By Amy Aldrich
When Elliott School of International Affairs senior Carla Dell’Angelica headed to the George Washington University from her hometown of Los Angeles, she had already decided to focus her career on advancing women’s rights around the world. In pursuit of this goal, she has taken classes on women in Africa, women in Latin America and on the anthropology of gender.
Dell’Angelica has held work-study jobs each semester to help fund her education. But this semester, she decided to take a risk. She accepted an unpaid internship with a non-profit that protects rights and promotes opportunities for women in Latin American nations. “Internships provide essential career experience, but they can be an added stress for students who, like me, usually spend the semester working a paid job to help make ends meet,” she explained in her application for the award.
On Nov. 14, Dell’Angelica breathed a sigh of relief. She is one of 25 Elliott School students to receive a new award supporting students dedicated to advancing the role of women in international affairs. The I/WE Student Award, established by the International Women of Elliott (I/WE) Executive Circle, provides assistance to students with financial need whose career goals align with the group’s mission: to expand the role of women in the international affairs profession.
“I’m extremely honored to receive this award to support my unpaid internship at the League of United Latin American Citizens,” Dell’Angelica said. “It will allow me to focus on my studies and internship, so that I can be the best candidate for my post-graduation job and future endeavors.”
The awards are competitive: more than 90 undergraduate and graduate students applied. The Elliott School was able to offer awards to nearly one third of applicants, for a total of $118,300 in support. Those chosen are students who demonstrate a clear commitment to amplifying the voices of women in foreign policy, as well as financial need.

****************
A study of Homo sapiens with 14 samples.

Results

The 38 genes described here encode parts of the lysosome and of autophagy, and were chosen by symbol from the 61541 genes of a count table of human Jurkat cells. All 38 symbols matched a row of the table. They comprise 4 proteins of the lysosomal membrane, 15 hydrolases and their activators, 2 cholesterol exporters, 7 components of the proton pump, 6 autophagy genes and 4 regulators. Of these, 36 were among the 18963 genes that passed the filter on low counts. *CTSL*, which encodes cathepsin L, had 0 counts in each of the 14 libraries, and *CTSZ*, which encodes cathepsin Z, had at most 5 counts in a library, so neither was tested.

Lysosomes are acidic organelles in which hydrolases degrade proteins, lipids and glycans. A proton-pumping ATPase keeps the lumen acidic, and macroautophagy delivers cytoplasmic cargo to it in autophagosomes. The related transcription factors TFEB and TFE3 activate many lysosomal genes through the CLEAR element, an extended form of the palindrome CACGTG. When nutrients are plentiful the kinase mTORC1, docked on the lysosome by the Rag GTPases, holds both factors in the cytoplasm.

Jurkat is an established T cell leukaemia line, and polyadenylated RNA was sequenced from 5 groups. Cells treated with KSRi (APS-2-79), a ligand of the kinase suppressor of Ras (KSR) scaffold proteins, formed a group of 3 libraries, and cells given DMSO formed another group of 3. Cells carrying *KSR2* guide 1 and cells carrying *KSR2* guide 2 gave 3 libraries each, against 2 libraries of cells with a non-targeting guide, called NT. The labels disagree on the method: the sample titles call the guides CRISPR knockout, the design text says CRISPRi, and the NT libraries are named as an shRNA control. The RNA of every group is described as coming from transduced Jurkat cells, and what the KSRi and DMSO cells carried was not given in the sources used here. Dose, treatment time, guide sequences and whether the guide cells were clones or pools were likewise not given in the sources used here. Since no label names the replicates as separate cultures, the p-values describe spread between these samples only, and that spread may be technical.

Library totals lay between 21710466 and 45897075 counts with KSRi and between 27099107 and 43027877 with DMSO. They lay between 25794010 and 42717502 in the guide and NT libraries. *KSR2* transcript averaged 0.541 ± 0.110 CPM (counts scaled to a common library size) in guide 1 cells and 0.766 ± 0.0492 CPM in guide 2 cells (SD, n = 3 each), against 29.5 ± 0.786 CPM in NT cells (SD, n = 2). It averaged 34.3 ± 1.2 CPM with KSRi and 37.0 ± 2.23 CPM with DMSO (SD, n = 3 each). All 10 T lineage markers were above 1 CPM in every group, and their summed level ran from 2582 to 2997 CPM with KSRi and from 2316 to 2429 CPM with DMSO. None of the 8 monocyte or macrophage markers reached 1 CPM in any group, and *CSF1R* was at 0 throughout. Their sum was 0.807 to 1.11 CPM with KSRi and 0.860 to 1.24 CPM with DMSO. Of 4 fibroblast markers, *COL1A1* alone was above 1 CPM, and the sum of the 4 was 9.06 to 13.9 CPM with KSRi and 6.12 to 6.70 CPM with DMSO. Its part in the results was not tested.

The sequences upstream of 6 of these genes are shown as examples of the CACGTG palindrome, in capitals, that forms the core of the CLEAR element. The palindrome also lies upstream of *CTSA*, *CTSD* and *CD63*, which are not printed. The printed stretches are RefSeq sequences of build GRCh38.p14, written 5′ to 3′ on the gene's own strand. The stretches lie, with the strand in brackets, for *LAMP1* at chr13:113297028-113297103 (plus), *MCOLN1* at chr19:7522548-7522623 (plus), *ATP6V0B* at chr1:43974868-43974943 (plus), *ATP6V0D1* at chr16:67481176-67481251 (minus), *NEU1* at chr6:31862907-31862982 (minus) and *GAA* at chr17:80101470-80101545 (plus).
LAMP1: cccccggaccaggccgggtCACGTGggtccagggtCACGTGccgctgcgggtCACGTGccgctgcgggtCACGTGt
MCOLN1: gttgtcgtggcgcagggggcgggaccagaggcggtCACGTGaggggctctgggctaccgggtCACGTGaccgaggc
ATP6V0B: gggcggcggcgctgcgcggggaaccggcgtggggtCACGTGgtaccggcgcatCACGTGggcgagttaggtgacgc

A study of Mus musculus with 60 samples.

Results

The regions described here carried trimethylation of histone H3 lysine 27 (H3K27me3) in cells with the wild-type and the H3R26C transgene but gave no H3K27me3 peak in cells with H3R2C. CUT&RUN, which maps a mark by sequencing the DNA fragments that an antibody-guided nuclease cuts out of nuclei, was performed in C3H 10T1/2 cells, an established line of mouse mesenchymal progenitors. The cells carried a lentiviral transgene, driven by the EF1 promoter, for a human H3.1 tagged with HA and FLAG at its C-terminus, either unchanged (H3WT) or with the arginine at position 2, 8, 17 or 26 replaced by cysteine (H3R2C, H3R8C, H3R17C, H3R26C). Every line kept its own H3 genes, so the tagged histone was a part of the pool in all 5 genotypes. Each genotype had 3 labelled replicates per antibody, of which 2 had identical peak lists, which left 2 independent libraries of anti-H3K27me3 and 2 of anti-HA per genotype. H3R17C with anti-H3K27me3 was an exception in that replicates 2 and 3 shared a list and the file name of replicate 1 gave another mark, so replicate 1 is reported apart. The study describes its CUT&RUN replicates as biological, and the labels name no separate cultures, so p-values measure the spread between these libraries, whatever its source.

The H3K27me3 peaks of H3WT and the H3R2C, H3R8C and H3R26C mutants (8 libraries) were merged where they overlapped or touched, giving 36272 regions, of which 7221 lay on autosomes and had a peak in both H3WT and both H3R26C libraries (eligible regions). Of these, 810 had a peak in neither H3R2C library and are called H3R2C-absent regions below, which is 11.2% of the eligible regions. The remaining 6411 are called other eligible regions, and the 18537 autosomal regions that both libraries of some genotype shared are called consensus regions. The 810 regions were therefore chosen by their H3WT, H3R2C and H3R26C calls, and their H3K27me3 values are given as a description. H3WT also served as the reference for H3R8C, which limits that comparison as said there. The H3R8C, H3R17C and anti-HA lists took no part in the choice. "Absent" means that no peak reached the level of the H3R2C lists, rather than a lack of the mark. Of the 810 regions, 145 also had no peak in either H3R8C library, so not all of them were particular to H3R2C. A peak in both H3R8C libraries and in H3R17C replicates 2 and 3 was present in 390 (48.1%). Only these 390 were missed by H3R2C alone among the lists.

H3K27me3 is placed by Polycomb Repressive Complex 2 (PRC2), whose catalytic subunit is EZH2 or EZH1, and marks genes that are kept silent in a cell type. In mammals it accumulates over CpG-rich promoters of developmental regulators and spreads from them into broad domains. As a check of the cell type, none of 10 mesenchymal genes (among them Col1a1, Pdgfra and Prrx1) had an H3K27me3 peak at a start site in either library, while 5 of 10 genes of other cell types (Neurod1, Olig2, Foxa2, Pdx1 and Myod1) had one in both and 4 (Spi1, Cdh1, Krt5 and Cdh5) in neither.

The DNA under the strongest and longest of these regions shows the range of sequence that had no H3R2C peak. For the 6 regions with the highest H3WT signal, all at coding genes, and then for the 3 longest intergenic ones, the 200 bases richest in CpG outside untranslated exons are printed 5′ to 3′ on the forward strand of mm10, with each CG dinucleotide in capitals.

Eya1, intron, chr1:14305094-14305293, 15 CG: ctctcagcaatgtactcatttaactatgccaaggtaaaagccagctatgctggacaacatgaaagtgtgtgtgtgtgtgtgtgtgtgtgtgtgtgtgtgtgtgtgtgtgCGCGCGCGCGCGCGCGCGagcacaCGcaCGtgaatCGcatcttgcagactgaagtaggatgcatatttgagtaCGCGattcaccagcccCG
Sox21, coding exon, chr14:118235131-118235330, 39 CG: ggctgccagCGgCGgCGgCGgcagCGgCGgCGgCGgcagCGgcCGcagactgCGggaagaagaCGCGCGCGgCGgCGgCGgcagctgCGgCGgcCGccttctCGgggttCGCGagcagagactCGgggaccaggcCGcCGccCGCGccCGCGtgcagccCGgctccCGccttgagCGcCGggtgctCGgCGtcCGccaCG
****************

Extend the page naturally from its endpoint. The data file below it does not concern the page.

The awards also are a milestone in the work of the I/WE Executive Circle and a landmark moment for the Elliott School.
“We are so thrilled to see our growing I/WE community champion the role of women in international affairs,” said Elliott School Dean Alyssa Ayres. “The I/WE Student Awards are central to this goal, with direct impact on the next generation. We are delighted to be able to help 25 outstanding Elliott School students – all thanks to the support of our I/WE members.”
Members of the International Women of Elliott Executive Circle, a group of more than two dozen leaders in international policy and economics, also had a chance to talk with this next generation of women leaders.
“I was truly impressed with the quality of the applicants, and I particularly enjoyed learning about the goals they have for their careers—especially the impact they hope to have on increasing women’s participation in international affairs policymaking or bettering the livelihoods of women all around the world,” noted Alexandra Garcia, MIPP ‘14.
Tanya Haden, a graduate student concentrating on global communications, is one of 11 graduate students who received an I/WE fellowship. In her application, Haden wrote that she joined an Asian-interest sorority as an undergraduate “because I strongly believed in their work to help women struggling with domestic violence.”
At the Elliott School, she said, “I am learning how to advance the role of women in global society through media.” She plans to continue this pathway, earning a Ph.D. and becoming a professor. “Media has consistently characterized women in a manner that reinforces archaic gender roles,” Haden said. “I wish to use my position to inform women of how we can shape our global society to enhance gender equality.”
Contributions to the I/WE Awards build on GW’s commitment to opening doors to higher education and make a world of difference for students to pursue their dreams at the Elliott School.